Canadians still want recreational property

Canadians’ dream of owning a cottage or other piece of recreational property just won’t die, regardless of the state of the economy, rising taxes and interest rates, and more stringent mortgage requirements.

Canadians’ dream of owning a cottage or other piece of recreational property just won’t die, regardless of the state of the economy, rising taxes and interest rates, and more stringent mortgage requirements.

In the annual 2010 Royal LePage recreational property report, almost half of Canadians said they believe that buying a recreational property will improve their lifestyle in spite of concerns they have about rising taxes, interest rates and new mortgage regulations that require higher down payments on second homes.

But fewer people this year than last believe buying recreational property is a good investment.

“Canadians are generally confident about buying recreational properties because they see a payoff in terms of improved quality of life,” said Phil Soper, president and chief executive of Royal LePage Real Estate Services.

“Tightening of lending requirements for second homes coupled with an increase in taxes and expectations of higher interest rates may have a dampening effect on the recreational property market.

However, there continues to be strong demand for second homes and Canadians appear prepared to make significant investments in order to enjoy their leisure time.”

Cottage prices in general have increased over the last year.

“The brave bargain hunters who purchased during the depths of the recession in 2008-2009 have been rewarded by appreciating prices this year,” Soper noted.

Typical 1,000-square-foot, three-bedroom houses on 100-foot lot properties in B.C., Ontario and New Brunswick could sell for over $1 million.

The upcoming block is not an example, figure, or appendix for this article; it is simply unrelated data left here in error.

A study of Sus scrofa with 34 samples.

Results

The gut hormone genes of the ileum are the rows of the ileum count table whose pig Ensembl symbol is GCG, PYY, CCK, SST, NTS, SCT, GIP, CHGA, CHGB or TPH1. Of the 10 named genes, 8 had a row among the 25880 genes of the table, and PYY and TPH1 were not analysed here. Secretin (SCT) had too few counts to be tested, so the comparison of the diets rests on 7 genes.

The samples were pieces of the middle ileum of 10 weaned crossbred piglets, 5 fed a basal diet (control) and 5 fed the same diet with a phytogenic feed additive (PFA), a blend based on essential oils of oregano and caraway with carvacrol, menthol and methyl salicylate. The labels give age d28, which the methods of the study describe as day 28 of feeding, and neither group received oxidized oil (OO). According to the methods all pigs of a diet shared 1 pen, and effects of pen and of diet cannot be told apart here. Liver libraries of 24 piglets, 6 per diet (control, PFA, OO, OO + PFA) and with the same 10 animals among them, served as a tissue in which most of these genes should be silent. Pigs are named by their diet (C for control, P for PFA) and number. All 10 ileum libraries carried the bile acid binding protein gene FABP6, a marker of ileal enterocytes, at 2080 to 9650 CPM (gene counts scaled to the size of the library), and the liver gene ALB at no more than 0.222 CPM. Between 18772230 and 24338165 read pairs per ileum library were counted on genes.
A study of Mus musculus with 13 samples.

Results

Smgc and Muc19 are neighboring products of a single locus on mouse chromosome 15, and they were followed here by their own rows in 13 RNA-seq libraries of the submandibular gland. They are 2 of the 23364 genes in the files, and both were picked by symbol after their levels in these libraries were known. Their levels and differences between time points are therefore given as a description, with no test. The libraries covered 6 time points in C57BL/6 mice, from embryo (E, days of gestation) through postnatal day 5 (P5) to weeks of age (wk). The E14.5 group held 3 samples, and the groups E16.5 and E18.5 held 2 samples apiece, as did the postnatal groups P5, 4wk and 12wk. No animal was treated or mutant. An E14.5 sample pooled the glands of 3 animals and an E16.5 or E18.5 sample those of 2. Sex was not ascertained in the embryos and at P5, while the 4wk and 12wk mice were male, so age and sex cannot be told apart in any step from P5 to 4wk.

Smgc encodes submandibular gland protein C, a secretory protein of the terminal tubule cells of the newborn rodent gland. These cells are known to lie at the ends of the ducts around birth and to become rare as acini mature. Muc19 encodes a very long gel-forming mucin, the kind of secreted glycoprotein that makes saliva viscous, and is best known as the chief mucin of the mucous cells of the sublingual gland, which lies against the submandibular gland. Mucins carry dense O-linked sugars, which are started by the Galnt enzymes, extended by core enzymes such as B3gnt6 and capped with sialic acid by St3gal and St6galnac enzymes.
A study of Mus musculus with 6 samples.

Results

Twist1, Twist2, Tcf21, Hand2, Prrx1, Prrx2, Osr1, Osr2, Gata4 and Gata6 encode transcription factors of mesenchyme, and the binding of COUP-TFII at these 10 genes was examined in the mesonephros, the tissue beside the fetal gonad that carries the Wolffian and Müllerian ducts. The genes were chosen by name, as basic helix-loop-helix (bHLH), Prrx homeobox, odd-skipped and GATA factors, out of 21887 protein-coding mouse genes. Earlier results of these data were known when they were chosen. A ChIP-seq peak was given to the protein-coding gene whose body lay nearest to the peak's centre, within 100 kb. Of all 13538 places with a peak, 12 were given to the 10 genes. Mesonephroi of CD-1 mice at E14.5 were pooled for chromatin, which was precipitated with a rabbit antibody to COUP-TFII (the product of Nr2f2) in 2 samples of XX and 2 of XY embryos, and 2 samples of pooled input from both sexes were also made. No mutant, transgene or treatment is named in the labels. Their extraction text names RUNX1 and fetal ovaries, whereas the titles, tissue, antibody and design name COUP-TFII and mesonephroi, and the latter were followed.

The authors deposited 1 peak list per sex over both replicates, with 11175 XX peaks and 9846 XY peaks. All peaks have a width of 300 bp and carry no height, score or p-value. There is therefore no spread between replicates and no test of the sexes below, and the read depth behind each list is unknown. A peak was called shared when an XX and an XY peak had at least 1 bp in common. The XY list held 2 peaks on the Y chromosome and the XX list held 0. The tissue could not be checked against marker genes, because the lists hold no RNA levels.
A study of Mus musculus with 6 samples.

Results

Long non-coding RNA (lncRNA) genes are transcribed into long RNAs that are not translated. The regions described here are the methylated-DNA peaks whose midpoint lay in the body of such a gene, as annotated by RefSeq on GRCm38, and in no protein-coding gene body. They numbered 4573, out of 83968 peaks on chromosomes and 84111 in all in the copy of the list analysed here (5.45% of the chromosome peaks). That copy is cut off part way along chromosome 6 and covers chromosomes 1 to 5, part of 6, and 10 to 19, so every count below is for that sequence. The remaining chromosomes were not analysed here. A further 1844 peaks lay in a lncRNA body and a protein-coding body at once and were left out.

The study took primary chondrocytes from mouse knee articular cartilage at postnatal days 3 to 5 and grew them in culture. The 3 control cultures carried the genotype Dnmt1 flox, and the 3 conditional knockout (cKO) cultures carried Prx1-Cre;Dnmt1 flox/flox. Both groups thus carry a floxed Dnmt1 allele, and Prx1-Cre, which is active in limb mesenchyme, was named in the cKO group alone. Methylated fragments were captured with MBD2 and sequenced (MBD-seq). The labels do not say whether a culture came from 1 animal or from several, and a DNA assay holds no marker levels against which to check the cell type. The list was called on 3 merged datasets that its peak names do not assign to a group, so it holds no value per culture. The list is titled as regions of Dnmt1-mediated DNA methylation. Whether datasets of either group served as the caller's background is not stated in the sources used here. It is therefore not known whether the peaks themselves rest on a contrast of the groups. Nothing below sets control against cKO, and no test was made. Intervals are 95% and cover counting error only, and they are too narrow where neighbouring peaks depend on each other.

Nationally, the average price for a piece of recreational property ranged from as low as $65,000 to $1.5 million, or more.

While buying a cottage might be a great lifestyle move — a way to get away from everyday working life and relax — is it a good investment?

With a second property come additional costs such as taxes, utilities, insurance and maintenance, not to mention the cost of gas to get there, wear and tear on your vehicle, food and other living expenses. As well, there’s no guarantee your investment will go up.

According to the survey, only 43 per cent now say they would buy a vacation property because it is a good investment, down from 64 per cent in Royal LePage’s 2009 survey. Forty-nine per cent are concerned about new tax rules such as the harmonized sales tax on new-construction homes and 46 per cent are concerned about increasing property taxes.

Further, while one third said they will not have to make any financial or lifestyle changes to afford their “fun in the sun” property, one quarter said they plan to rent out the property for part of the year, up from 13 per cent the previous year.

And then there’s the whole question about transferring the property to the next generation. Transferring the cottage may sound like a good idea, but it can have some difficult tax implications.

Unless it is transferred in the name of your spouse or can be classified as your principal residence, you will be deemed to have disposed of it at a fair market value when you die, which could trigger significant capital gains tax. Unless there are enough liquid assets in the estate to cover the taxes, your heirs may be forced to sell the property just to cover the taxes.

No matter how you slice it, a second property is an expensive proposition. Before buying one, you should sit down and analyze all the costs — financial, personal and familial -— before deciding whether to take the plunge into recreational real estate.

Talbot Boggs is a Toronto-based business communications professional who has worked with national news organizations, magazines and corporations in the finance, retail, manufacturing and other industrial sectors. He can be contacted at boggsyourmoney@rogers.com.